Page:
From time to time we handle reader questions asking about defects in homes discovered after purchase. When applying for an FHA home loan, an FHA appraisal is a requirement for loan approval, but a home inspection is an option the borrower is free to use (or not). But this “option” is an investment no borrower should skip, as FHA appraisals are not a guarantee that a property is free from defects or problems.
One of the most common questions we get asked in this area is, “What can be done about (defective condition X) discovered in my home after my loan closed?” Our answer always involves asking whether the borrower paid for the home inspection or simply relied on the FHA appraisal to indicate that the home was potentially “approved” to purchase.
But the FHA official site makes it quite clear that the appraisal process is not a stamp of approval on a property. Nor is it a guarantee that the home is free of defects.
Some borrowers may take issue with the idea of paying “twice” for a look at a property to be purchased with an FHA mortgage loan, but the FHA appraisal is really quite different than a home inspection. A home inspection, carried out by a trained professional, is a much closer examination of the home and its component parts.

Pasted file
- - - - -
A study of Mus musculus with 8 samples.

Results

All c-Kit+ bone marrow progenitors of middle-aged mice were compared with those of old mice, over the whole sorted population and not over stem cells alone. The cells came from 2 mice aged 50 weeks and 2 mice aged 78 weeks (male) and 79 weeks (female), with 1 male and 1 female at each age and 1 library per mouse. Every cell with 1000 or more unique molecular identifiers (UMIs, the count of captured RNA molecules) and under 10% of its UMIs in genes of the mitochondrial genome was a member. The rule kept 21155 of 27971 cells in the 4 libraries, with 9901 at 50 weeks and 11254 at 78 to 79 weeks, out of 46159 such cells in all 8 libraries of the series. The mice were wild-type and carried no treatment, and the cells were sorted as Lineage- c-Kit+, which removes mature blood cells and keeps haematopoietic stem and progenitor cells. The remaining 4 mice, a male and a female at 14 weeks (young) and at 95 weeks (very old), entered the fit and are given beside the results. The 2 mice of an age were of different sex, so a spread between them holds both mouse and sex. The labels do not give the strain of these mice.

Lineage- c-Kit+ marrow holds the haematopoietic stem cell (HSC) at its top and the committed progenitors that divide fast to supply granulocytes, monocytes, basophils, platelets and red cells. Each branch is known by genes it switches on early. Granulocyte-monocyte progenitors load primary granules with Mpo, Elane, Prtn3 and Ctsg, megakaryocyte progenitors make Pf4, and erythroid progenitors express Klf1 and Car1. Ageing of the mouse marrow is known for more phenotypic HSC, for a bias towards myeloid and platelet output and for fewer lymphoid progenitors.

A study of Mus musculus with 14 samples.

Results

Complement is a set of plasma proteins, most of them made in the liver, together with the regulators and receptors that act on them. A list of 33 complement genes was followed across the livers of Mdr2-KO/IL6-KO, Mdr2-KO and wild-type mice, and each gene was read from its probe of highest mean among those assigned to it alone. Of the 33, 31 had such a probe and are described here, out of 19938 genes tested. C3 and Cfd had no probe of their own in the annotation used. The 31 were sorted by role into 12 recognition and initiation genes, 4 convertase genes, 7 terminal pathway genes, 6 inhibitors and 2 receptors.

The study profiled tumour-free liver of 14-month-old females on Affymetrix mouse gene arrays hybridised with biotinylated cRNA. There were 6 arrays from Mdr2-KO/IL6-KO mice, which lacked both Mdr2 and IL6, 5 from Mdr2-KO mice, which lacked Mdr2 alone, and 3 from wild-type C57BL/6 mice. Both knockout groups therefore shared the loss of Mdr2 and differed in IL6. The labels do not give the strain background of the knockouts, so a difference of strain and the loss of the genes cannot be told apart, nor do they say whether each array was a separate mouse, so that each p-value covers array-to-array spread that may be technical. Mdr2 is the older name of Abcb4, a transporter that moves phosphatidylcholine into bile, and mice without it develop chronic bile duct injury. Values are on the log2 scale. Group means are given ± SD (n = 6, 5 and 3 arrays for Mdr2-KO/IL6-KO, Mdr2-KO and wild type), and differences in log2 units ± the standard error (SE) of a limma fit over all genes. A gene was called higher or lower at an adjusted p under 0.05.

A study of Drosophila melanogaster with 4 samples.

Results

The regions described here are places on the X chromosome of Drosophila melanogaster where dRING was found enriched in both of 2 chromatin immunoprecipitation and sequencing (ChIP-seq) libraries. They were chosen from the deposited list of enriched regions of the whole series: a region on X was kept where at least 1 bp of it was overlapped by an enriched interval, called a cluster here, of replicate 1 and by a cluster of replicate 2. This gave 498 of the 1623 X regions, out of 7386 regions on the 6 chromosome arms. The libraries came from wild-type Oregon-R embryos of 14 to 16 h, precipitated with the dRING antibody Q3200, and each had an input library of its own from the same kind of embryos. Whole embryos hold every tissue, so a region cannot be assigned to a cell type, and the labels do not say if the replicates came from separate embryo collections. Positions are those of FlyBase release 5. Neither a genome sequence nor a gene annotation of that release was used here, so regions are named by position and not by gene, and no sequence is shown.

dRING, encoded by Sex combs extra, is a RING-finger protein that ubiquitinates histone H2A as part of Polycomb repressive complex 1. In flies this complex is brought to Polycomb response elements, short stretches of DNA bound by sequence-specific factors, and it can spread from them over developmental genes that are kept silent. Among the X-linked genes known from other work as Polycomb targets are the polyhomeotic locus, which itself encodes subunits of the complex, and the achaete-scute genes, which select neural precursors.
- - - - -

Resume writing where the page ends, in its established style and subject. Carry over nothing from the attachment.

An FHA appraisal is basically what the name implies-a general appraisal of the home to make sure it meets minimum standards.
According to the FHA/HUD publication, “For Your Protection, Get A Home Inspection” we learn the FHA’s stance on the FHA appraisal process. “FHA does not guarantee the value or condition of your future home, and FHA does not perform home inspections. If you find problems with your new home after closing, FHA cannot give or lend you money for repairs, nor can it buy the home back from you.”
We discuss this issue from time to time because so many questions come in every year indicating that borrowers sometimes choose not to pay for the optional, but critically important home inspection. It is true that a home inspection can be expensive, but it’s a case of paying hundreds of up front to save potential thousands of dollars later.
Borrowers should never purchase a home without paying for the home inspection. Relying on the FHA appraisal alone is not only against the advice of the FHA itself, but also offers no recourse should a defect be found in the property once it has been purchased and the deal closed.